Saudi diplomat in Yemen freed by al Qaeda

Story highlights

  • Saudi ministry says diplomat arrived in Riyadh safely and is undergoing medical checkups
  • Gunmen kidnapped the diplomat, Abdullah Al Khalidi, in Aden, Yemen, in 2012

(CNN)Al Qaeda in the Arabian Peninsula has freed a Saudi diplomat it kidnapped three years ago, Yemeni Foreign Ministry officials told CNN.

Tribal leaders involved in negotiations with al Qaeda over the last month handed Abdullah Al Khalidi to Saudi authorities on Monday, two Yemeni government officials said.
Unknown gunmen kidnapped Al Khalidi, the Saudi deputy consular, in 2012 as he was leaving his residence in the Mansoora district of Yemen's business capital of Aden.
    He was later handed over to al Qaeda, where he appeared in al Qaeda video last year pleading to the Saudi government to ensure his safe release. Al Qaeda was demanding a ransom for his release and threatened to kill him if the ransom was not paid.
    CNN was not able to confirm whether Saudi Arabia or his family paid a ransom in exchange for his release.
    A Yemeni Foreign Ministry official told CNN that his government was not involved in the negotiations for Al Khalidi's release.
    "The Yemeni government does not negotiate with terrorists. Ransoms that are paid to terrorists motivates them to conduct more kidnappings," said the official on condition of anonymity because he is not authorized to talk to media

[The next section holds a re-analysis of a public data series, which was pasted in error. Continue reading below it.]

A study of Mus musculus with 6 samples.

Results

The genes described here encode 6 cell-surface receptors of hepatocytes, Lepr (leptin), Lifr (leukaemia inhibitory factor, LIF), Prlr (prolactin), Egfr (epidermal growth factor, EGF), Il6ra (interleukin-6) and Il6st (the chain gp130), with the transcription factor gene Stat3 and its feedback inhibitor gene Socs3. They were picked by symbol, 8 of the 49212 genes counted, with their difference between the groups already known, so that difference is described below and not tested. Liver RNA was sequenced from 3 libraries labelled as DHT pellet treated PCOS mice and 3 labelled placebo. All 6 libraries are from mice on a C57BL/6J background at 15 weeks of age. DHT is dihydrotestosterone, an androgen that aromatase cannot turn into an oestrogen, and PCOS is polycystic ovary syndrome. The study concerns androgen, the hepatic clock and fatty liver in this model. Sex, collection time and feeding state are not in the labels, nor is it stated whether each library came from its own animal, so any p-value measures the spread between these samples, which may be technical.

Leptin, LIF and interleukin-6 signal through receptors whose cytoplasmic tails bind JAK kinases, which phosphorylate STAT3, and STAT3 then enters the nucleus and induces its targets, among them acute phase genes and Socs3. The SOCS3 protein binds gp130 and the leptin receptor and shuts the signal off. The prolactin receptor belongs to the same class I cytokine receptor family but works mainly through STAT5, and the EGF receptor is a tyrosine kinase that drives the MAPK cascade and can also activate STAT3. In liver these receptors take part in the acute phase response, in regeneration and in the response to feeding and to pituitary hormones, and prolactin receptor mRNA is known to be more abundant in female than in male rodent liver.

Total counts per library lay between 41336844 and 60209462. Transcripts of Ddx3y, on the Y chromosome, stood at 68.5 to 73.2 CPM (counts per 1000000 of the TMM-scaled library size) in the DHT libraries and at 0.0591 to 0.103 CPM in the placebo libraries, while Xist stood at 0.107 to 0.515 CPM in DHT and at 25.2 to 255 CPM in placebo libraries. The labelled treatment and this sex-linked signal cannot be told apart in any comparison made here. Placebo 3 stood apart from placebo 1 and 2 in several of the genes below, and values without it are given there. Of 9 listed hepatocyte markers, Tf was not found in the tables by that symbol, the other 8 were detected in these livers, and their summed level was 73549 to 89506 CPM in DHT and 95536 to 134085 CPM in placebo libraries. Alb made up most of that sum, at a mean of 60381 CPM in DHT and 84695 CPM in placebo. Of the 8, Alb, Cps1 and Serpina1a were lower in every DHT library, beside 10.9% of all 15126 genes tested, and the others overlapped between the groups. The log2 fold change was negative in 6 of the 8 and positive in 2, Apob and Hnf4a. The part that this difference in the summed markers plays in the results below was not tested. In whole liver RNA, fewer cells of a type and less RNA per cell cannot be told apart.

The Saudi Interior Ministry announced Monday that Al Khalidi reached Riyadh safely and is undergoing medical checkups.
    Al Khalidi had been living in Aden for four years when he was kidnapped.
    Last week, a Frenchwoman working for an international organization was kidnapped, along with her Yemeni translator, in Sanaa. Two four-wheel drive vehicles were used in the kidnapping attempt, according to eyewitnesses. Their whereabouts remain unknown.
    Kidnappings of foreigners is common in Yemen with tribes or al Qaeda-linked militants often demanding a ransom for their release or using them as a bargaining chip in their dealings with the central government.
    Al Qaeda is believed to have been behind most of the kidnappings since 2012.
    Gunmen kidnapped an Iranian diplomat, Ahmed Bakht, in Yemen in 2013, and his whereabouts are still unknown. Bakht was an Iranian national employed within the Iranian Embassy in Yemen and was kidnapped while traveling through the diplomatic quarter in Sanaa when gunmen blocked the road ahead of him and abducted him.